When twenty-one-time Emmy Award winning series The Sopranos debuted on HBO in January of 1999, it was the start of something big in more ways than one. But at first it was "that show with the same plot as Analyze This," the 1999 Robert DeNiro-Billy Crystal comedy about a neurotic mob boss and his shrink. Of course, creator David Chase had greater ambitions for his small-screen saga than the unfortunately timed "two-off" big-screen "high concept" of Harold Ramis and friends (Analyze That followed in 2002). Chase was crafting his own mafia saga, a la The Godfather, and while the series would have a pronounced sense of humor, its weightiness found a useful home on HBO, the pay network that not only allowed violence and profanity but welcomed them as added justification for the motto "It's not TV. It's HBO."
Speaking of weightiness, James Gandolfini let it all hang out as Tony Soprano, the capo of the DiMeo crime family in New Jersey. A capo's life is full of agita in the best of times, as he assuages egos and fends off contenders for the throne, but Tony has domestic problems as well—at home with wife Carmela (Edie Falco), daughter Meadow (Jamie-Lynn Sigler) and son Anthony Junior (Robert Iler), and with mother-from-hell Livia (Lou Grant vet Nancy Marchand), who vehemently resists placement in a nursing home. So it's not so much a surprise when Tony begins having crippling panic attacks; the question is whether or not his macho pride will allow him to slip away to consult a psychiatrist. Eventually, he does, beginning sessions with the understandably uneasy Dr. Jennifer Melfi (Lorraine Bracco of GoodFellas). Tony gets assistance of a sort from nephew and frequent screw-up Christopher Moltisanti (Michael Imperioli, also of GoodFellas); Tony's easily offended Uncle Junior (Dominic Chianese) soon becomes a conspirator with Livia to rob Tony of his power and his happiness. Meanwhile, Tony's foot soldiers Silvio (Steven Van Zandt), "Paulie Walnuts" (Tony Sirico) and "Big Pussy" (Vincent Pastore) take care of business.
Over the course of the first season's thirteen episodes, trouble is a constant, turning the screws to Tony and sending him inexorably back to the squeamish Dr. Melfi. Young mobsters step out of line (especially the drug-addled Christopher), and so do old mobsters, forcing Tony to settle disputes and dole out punishments; the same is true at home as Meadow and Anthony "act out." The FBI doggedly pursues a case against the crime family. Worst of all, Tony proves to be his own worst enemy; he sins against one of his few friends when he burns down the restaurant of Artie Bucco (John Ventimiglia), Tony's neuroses compound when he starts having sex dreams about his therapist, and he cannot resist cracking jokes about Uncle Junior's sex life, further alienating a man best not crossed. And could it be that one of Tony's trusted lieutenants is a rat?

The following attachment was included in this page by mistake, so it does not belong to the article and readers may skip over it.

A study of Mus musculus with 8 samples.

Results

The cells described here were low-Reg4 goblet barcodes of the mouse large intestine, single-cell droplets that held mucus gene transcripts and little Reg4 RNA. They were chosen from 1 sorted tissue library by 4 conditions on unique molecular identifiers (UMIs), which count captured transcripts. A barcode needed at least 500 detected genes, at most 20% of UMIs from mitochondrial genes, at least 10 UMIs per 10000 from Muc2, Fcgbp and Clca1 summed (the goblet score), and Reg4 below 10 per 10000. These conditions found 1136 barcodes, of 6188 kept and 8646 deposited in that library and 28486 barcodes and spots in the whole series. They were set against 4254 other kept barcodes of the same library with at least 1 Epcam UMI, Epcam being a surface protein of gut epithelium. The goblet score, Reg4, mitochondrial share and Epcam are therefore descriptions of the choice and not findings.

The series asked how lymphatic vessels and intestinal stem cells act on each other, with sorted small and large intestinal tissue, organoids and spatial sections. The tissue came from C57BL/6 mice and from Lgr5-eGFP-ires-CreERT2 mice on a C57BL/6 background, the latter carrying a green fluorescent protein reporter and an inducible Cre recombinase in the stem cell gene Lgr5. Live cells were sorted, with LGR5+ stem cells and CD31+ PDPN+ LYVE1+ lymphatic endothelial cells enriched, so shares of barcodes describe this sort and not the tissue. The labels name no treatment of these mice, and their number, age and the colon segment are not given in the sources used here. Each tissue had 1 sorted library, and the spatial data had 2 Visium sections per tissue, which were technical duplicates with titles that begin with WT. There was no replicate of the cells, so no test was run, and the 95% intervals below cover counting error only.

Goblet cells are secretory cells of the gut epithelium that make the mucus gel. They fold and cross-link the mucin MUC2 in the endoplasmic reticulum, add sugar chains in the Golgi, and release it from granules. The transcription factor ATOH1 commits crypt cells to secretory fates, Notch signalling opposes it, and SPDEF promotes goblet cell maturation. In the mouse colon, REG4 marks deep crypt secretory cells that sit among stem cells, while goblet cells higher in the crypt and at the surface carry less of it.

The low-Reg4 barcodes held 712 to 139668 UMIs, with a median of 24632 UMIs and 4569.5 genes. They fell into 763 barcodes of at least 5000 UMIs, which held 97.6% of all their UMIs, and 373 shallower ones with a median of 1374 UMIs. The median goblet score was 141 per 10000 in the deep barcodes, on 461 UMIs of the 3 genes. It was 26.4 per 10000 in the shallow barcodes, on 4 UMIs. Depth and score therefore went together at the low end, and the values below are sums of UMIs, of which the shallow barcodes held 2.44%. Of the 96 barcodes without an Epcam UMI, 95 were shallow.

The Sopranos has always been a bit overrated, as it's not as deep as its defenders would have it. Still, it's a plenty compelling soap opera of the bloody variety, never boring as it ties its ensemble into knots. Chase isn't above heeding the show's cultural reception and answering criticisms in the show's scripts, as in a dinner-table discussion about Italian-American stereotypes. And the first-season episode "College" is a masterpiece of episodic TV narrative, a self-contained short story that incisively sums up the series' theme of how work life can contaminate family life (especially when one's work is crime). And, of course, the overall metaphor of the mafia as a cutthroat corporate culture like any other gives the series an ongoing satirical edge. Dealing with his Freudian issues (the beloved "black poison cloud" that is his mother), the pettiness of everyone around him (and himself), and the defining self-absorption that permeates the world of the show, Tony is as much an archetype of the American father as Homer Simpson, only just smart enough to be perpetually miserable.
Though The Sopranos could have used a bit more TLC in its promotion to Blu-ray, The Sopranos: The Complete First Season still shows a notable improvement from the standard-def of DVD. Detail and deep blacks are the most obvious improvements (though the image can still be soft at times), and color is more consistent. The biggest issue is frequent edge enhancement, but the show looks good overall, and will only look better and better as subsequent seasons hit shelves. Audio comes in very nice DTS-HD Master Audio 5.1 mixes that better maximize the source material: I was pleasantly surprised to find how immersive these mixes can be in setting the ambience—of the restaurants and clubs, in particular—and the all-important dialogue is always crisp and well-balanced.
Season one extras may seem rather slim at first, but "David Chase Interviewed by Peter Bogdanovich" (1:17:34, SD) is a very in-depth, lengthy sitdown with two artists important to recent pop culture: creator Chase and film historian/film director Bogdanovich, who would join the series in 2000 in the recurring role of Dr. Elliot Kupferberg. Chase discusses the series' origins, his inspirations (going back to the 1930s gangster pictures), the development of the series from the pilot forward, the use of music and the show's opening sequence, and the series' themes, among many other topics.
There's also an audio commentary on pilot episode "The Sopranos" with executive producer and creator David Chase, again in discussion with Bogdanovich, but one may as well watch the interview instead, as it covers more ground in a more user-friendly format.
HBO also includes two vintage promo featurettes. "Family Life" (4:11, SD) includes interview clips with Chase, Dominic Chianese, Michael Imperioli, Nancy Marchand, Steven Van Zandt, Edie Falco, Lorraine Bracco, and Tony Sirico, while "Meet Tony Soprano" (3:32, SD) includes a few choice comments from James Gandolfini, Sirico, Marchand, and Bracco.